Love your loneliness

Stigmatization surrounding people who crave relationships are problematic



Surprisingly, in a society where love is at the forefront of socializing, we are ridiculed for feeling incomplete without it.

JUSTIN WASHINGTON, Evergreen research editor

I am 19 and have never dated. Cue the violins.

A friend told me a couple weeks ago that romance is a social construct. I would say that is mostly true. After all, we do not necessarily need romantic love. It is a mere desire. 

In that case, romantic love is not necessary for our survival. However, it can certainly help. For example, being in a healthy relationship with someone helps us live longer

But really, love is vastly overplayed in society. We make it seem as though romance is our only purpose in life when that is not the case. 

Despite knowing this, I cannot help but continue to pursue it. Why?

Because contrary to what others think, I believe love is a need no matter the form. Love motivates us. If we do not feel loved and we do not love ourselves, we see no reason to fulfill our basic needs.

But why is romantic love such an important thing when love from family and friends is just as good? For that, I would argue two things: longevity and physical touch.

Families seldom stay connected, friends even less so. People move away, find new people to bond with, get caught up in commitments or just simply lose interest in old friendships. This can happen with romantic relationships, but the bond is a little stronger.

Most friendships last months at best. To truly establish a long-lasting connection with others is rare. This is how it is in my case, at least. Most of my friends end up becoming too busy for me or they just move on and find new friends. 

At least with a relationship, you not only have an easier chance of establishing a strong bond, but it is likely to last longer.

Physical touch is another important thing for humans to experience for a variety of reasons, though we do not often get it from family and friends. A romantic partner, on the other hand, is more inclined to offer cuddling or physical bonding more regularly.

These aspects of romantic relationships make us crave love. When we are deprived of said things, we experience loneliness. It is an emotion that many of us feel.

I am not alone in this view. Hunter Kearns, sophomore history education major, is a bisexual man who is currently dating. However, he experienced loneliness when he was single.

“Before my relationship, I was certainly lonely. It wasn’t a big deal to me at the time, and to be fair it wasn’t a main goal of mine, but a feeling of isolation in general was there,” he said. “It was only after I’d been in a healthy relationship that I really realized the full extent of that isolating feeling, when that feeling was finally gone.”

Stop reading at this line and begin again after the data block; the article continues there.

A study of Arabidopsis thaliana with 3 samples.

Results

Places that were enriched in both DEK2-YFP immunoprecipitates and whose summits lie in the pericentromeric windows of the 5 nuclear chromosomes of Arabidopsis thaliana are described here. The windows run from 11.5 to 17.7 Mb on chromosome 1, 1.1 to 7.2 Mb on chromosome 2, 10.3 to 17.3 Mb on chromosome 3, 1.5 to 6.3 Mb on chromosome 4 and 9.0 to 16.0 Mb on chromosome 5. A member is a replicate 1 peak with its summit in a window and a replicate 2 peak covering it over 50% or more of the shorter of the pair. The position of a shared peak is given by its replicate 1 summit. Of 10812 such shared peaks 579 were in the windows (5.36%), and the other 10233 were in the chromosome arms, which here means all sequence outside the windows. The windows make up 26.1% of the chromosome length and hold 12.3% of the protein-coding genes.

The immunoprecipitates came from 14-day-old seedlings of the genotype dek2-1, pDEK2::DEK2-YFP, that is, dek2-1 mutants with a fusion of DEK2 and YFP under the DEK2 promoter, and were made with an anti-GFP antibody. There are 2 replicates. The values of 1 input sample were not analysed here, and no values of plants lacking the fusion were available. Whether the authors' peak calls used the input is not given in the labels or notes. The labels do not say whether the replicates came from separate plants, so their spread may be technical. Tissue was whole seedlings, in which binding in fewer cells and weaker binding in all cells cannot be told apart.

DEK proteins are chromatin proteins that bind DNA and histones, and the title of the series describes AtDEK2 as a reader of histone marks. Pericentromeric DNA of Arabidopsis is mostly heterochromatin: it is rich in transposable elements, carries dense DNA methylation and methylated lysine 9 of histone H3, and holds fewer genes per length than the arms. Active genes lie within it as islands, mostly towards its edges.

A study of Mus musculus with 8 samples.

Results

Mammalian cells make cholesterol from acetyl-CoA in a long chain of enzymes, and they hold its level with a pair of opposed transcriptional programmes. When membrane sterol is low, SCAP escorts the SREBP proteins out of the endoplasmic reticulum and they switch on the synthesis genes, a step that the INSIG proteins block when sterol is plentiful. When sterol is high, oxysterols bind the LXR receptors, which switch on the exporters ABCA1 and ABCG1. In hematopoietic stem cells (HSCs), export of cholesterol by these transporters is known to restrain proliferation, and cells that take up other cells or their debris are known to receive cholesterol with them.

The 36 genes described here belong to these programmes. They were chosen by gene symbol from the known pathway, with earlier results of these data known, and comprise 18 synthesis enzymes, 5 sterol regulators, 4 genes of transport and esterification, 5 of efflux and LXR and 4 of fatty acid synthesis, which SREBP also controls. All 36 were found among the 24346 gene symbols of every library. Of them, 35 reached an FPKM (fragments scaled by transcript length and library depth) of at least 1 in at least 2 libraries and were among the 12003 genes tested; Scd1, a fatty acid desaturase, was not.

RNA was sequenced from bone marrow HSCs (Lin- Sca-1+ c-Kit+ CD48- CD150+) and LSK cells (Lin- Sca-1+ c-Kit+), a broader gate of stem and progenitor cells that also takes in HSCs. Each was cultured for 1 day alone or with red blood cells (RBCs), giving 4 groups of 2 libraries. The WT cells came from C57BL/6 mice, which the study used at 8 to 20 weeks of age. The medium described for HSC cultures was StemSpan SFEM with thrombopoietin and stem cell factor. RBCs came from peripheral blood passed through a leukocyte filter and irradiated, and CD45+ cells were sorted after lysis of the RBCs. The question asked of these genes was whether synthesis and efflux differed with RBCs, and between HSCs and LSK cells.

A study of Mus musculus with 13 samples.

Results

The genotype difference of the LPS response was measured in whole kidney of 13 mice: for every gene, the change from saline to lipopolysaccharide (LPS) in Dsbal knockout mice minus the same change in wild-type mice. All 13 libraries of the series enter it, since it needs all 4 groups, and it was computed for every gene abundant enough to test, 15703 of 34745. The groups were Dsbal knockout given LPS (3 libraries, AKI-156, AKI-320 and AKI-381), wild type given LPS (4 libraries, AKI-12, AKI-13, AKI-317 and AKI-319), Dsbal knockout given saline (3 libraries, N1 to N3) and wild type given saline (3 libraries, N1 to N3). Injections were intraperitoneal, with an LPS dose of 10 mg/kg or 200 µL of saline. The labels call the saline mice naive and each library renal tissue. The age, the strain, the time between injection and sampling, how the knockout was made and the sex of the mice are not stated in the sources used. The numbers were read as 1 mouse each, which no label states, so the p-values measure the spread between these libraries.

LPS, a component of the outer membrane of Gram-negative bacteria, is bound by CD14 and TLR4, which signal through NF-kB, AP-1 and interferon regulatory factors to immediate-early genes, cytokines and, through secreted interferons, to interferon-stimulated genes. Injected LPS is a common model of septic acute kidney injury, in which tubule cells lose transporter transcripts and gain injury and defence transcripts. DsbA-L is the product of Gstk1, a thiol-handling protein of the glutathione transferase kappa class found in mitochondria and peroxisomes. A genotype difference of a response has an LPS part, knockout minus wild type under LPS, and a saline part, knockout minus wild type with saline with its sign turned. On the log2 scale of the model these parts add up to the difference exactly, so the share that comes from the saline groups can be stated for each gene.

Kearns also said that his experience as a bisexual person made him feel increasing feelings of loneliness because of the stigmatization surrounding the LGBTQ community.

“That can definitely heighten feelings of isolation, as part of my very identity is being examined and pointed out as, essentially, a character flaw,” he said.

Harrison Farnsworth, freshman business marketing major, is another queer individual who is currently dating. However, he recognizes pressure to be in a relationship is high around ages 18 to 20.

“I think that it’s hard to know where to look if you want a relationship,” he said.

Not everyone is lucky enough to be in a romantic relationship. It can be a crippling experience to feel lonely, especially when there is constant societal pressure from romantic songs, movies, and poetry.

Loneliness can best be described as a silent crisis occurring in our society. It is a real thing that many people experience. It is just not brought up as much because society does not like addressing it.

I have been ridiculed for bringing up my feelings of loneliness and my desire for a relationship and I personally feel pathetic for it. It does not feel good when I cry after reading a romance novel or get depressed after seeing a couple interact with each other.

But at this point, I am not looking for a solution as much as I am looking for acceptance. Some people do not desire romance and that is perfectly okay. However, the ones that are looking for it receive judgement and negativity from others.

This is where people need to learn to agree to disagree. Some think that wanting a relationship is dumb or unproductive. It is okay to feel that way, but it should not invalidate the feelings of those who do want a relationship. They are entitled to their feelings too.

With that, I will always be looking for a relationship, but I will also be looking for the guilt-free opportunity to say: “I am lonely, and it is okay for me to feel that way.”